I read the following post on Instagram today:
People say all the time, “I’d die for my children.” Okay, but would you live for them? Actually live. Make better choices. Try practicing sobriety. Take better care of yourself physically and mentally? Your kids don’t need you to die for them. They need you to LIVE!
That’s one of those posts that really gives me pause. Of course, I would die for my kids if put in that unlikely position. The more likely situation though, and the one my kids would choose, is me living for them. Let’s start with just actually being here, physically present. Then clear headed and mentally present for them. Finally, how about being able to walk and run with them, throw a ball and go fishing? I know my kids need and want me for all of the above.
In active addiction, my wife, Natasha, and I would argue about my drinking, and eventually the conversations would always turn to the kids. Perpetually on the defensive, I would point out all of the things I did for and with the kids, trying to convince myself in the process that my actions were acceptable. Sure, I’ve always spent a ton of time with them, but I was almost NEVER present. My mind was a tangled ball of stress and anxiety, plotting the course to my next drink, all day, every day. The road I was on was leading to disaster. It was only a matter of time before I couldn’t run on the beach with them, even if I wanted to, if I was even there at all. Yeah, I would’ve died for my kids, but I was living so selfishly. Wrapped up in my own problems, I was feeling so put upon, and drowning my fears and anxieties in alcohol. That is no way to live or die.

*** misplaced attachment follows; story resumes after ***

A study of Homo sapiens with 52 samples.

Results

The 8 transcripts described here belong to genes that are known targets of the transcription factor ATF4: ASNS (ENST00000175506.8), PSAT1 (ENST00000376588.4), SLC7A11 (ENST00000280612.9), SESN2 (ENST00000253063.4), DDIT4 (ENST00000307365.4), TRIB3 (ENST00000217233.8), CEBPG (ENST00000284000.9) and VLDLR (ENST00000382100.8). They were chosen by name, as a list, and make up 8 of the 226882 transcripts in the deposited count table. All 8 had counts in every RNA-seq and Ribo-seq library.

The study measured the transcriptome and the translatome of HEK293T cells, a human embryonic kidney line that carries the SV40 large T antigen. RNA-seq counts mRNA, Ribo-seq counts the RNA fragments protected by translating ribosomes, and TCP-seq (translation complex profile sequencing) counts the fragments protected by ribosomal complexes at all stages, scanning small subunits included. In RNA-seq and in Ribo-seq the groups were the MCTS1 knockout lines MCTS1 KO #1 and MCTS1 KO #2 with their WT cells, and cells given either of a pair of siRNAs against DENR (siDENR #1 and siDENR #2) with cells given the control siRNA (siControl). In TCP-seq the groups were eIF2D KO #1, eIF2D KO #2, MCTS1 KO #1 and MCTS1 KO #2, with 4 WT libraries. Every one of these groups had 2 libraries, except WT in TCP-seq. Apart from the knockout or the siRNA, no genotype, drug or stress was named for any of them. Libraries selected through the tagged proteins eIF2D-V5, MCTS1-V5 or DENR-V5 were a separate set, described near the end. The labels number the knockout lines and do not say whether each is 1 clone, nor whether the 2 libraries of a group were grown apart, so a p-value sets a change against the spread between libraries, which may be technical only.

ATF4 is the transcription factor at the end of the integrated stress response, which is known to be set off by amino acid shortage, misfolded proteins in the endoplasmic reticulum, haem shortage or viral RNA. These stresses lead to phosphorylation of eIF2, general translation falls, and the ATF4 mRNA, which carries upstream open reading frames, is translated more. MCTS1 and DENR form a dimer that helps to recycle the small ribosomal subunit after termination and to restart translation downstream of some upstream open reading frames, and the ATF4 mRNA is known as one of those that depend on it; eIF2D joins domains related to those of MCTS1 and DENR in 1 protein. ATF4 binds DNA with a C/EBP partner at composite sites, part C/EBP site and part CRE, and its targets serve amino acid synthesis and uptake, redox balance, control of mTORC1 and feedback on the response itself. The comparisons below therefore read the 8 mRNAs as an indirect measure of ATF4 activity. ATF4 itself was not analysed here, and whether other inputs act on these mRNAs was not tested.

“trying to convince myself in the process that my actions were acceptable.”
Yes, in sobriety, I’d still die for my kids if I had to, but living with them, and for them, is truly incredible. They deserve a dad that is there for them, physically and mentally, and now they have him. And you know what, I deserve to be that dad too! Watching them grow and learn, having real conversations with them, laughing together when making a TikTok, and crying together when our dog passes away. That’s life, that’s living. I’m going to be here for them for as long as I can, and not drinking is part of making that happen.